When Julie Andrews sang to the von Trapp children about her favorite things, she mentioned whiskers on kittens and brown paper packages tied up with strings. Not me. I’m all digital. My favorite things are great websites and cool tools for writers.
Here are seven of the best:
1) Want to know the grade level of your writing? I’m obsessed with readability statistics, and although they can be activated in MS Word (check your help menu for directions), you can just as easily bookmark this free Online Utility and get all your stories rated here. This site is better than the Word version, because it tracks five different indices (Word restricts itself to the Flesch Kincaid) so you can see how your writing ranks in a number of measures. Gunning Fog and SMOG are usually the most stringent. You know you should be aiming at grades seven to nine, right? This is not because your readers are stupid; it’s because they’re busy and distracted.
2) How effective is your website? If you’re really interested in numbers, you can have a piece of free software rank your website—or, even more fun, someone else’s—at the Website Grader. Just type in the URL of the site you want to evaluate, and you’ll get a “grade.” Just as if you were in school, this one is calculated out of 100. (I’m thrilled that my site ranked at 91 percent!)
3) Do you frequently repeat yourself? Maybe you’re a vice president who sees everything as a “challenge.” Or perhaps you’re a teenager who describes all experiences as either “awesome” or “lame.” Or possibly you’re a marketing guru who can’t stop using the phrase “value proposition” (ugh). Well, you’re all equal before the calculating eyes of the Wordcounter. This handy paste-and-see website ranks the words you’ve used most frequently in any text you’ve written.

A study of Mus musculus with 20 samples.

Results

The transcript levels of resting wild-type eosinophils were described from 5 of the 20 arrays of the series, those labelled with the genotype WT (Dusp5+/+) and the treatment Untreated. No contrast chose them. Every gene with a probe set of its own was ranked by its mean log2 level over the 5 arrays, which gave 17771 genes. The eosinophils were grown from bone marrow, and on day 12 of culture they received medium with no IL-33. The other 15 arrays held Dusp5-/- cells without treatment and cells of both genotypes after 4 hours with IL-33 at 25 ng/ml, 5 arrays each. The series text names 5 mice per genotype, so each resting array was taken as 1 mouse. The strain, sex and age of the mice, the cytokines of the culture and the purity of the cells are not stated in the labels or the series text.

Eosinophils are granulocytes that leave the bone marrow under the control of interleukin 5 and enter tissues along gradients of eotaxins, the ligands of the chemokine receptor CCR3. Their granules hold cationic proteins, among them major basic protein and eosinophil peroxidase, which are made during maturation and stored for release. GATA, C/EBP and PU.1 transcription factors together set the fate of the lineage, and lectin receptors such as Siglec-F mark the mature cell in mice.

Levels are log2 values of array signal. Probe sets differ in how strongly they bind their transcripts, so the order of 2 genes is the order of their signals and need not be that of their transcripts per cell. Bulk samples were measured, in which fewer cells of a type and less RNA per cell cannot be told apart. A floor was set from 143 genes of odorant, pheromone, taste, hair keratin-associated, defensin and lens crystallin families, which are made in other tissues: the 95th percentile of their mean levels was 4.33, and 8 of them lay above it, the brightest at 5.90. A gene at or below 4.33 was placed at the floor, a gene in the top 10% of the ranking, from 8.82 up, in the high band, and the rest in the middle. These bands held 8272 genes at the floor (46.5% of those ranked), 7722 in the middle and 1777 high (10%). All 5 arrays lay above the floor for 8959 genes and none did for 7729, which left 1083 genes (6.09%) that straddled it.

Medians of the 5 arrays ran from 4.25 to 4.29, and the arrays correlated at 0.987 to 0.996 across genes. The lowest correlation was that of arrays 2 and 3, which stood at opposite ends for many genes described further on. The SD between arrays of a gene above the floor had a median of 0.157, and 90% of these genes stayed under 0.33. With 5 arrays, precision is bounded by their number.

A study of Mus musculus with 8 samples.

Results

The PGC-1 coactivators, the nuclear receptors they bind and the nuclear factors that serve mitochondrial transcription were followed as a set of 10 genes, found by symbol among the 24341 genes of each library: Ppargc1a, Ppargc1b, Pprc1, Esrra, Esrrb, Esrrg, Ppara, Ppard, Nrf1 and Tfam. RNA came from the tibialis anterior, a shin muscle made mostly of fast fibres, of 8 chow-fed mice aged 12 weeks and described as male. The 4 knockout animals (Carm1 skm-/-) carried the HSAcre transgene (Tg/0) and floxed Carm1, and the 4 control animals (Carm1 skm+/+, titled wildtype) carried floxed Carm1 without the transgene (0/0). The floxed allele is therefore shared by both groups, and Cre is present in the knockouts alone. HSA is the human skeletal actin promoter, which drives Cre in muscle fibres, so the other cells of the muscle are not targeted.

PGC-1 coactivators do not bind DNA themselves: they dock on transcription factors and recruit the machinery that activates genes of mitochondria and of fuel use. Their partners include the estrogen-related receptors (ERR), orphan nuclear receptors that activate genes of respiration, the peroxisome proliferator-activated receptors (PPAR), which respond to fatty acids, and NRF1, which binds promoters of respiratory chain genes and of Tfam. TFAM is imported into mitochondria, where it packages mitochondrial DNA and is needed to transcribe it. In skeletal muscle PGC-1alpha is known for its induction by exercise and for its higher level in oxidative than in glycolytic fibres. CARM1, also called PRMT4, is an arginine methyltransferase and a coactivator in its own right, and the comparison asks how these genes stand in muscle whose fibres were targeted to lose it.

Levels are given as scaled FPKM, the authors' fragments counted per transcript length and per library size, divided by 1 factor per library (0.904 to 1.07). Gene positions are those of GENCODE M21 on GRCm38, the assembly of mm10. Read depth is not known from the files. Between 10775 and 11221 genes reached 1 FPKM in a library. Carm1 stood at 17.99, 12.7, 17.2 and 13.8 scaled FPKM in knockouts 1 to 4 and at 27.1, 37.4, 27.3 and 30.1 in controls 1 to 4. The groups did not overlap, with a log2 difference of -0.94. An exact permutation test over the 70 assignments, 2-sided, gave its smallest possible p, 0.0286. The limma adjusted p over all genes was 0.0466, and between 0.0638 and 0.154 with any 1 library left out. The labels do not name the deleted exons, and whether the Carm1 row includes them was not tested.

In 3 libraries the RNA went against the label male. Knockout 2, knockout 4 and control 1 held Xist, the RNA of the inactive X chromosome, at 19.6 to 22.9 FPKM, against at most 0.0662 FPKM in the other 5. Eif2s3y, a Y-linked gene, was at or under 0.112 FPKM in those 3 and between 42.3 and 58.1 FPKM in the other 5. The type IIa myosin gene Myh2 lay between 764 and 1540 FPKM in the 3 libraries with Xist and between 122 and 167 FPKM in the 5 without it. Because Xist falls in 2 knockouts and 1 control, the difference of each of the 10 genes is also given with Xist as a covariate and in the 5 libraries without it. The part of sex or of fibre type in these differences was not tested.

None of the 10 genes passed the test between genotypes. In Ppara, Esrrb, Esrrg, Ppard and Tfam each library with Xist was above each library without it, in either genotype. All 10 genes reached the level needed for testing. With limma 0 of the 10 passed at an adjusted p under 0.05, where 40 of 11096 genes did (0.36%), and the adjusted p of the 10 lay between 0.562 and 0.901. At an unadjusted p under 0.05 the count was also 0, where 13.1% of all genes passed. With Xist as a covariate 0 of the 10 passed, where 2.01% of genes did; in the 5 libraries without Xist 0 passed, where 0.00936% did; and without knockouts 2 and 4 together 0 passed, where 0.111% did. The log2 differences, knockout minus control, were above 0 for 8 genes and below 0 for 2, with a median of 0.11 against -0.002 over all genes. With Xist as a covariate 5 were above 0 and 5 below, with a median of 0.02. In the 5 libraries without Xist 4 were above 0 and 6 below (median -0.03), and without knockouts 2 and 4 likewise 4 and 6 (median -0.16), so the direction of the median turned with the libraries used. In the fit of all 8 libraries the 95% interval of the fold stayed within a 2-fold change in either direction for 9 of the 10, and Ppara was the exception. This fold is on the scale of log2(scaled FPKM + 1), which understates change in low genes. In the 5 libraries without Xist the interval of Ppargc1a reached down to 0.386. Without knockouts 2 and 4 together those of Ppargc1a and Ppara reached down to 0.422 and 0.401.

4) Need a synonym stat, pronto, quickly, or without delay? You can’t go wrong if you buy or subscribe to the Visual Thesaurus. This nifty little bit of software will sit on your hard drive and help you find better words almost instantly. Just type a word or phrase into the search box, and—voilà!—a starburst will explode on your screen, displaying all the synonyms. (There’s a free demonstration offered on the site.) You can buy the software outright for $39.95 or get a year’s subscription for $19.95. (In the interest of full disclosure, I must tell you that I write a monthly column for VT, but I get no royalty or commission if you decide to buy or subscribe to the software.)
5) Need to deliver large files? As a publication coach who frequently sends large email files back and forth to graphic designers and clients, I often exceed the file size permitted by my server. Instead of tearing out my hair, I turn to You Send It, a “drop box” service that allows you to send files of up to 100 MB without paying a cent. You’ll need to register; just choose the “lite” (free) version.
6) Have you ever called an about-face a 360-degree turn? Save yourself from future embarrassment by exploring Common Errors in English. This alphabetical and amazingly long list, produced by a professor of English at Washington State University, reveals many fascinating facts about our language. For example, did you know that “daring-do” should be spelled “derring-do”? And that “to table” something in the U.K. means to put it up for discussion, while in the U.S. it means the opposite? It’s lots of fun exploring this site.
7) Desperate to force yourself to write? My all-time favorite tool for writers, Write Or Die, has been created by a man who calls himself Dr. Wicked. With good reason! Go to his site, and enter how many words you want to write; then give yourself a time limit. Then choose your consequences (I always stick with “normal”) and your grace period (I choose “strict”). Once you’ve made your selection, you’ll be given a blank screen.
Start writing, but if you stop for more than a second or two your screen will start to change from buff colored to pink. Keep stalling, and the pink will deepen until it’s finally an embarrassed red. After about 10 seconds of inactivity, a horrible noise will sound. Sometimes it’s a car alarm, at other times an unhappy baby, on still other occasions, bad ‘70s disco music. Highly motivating.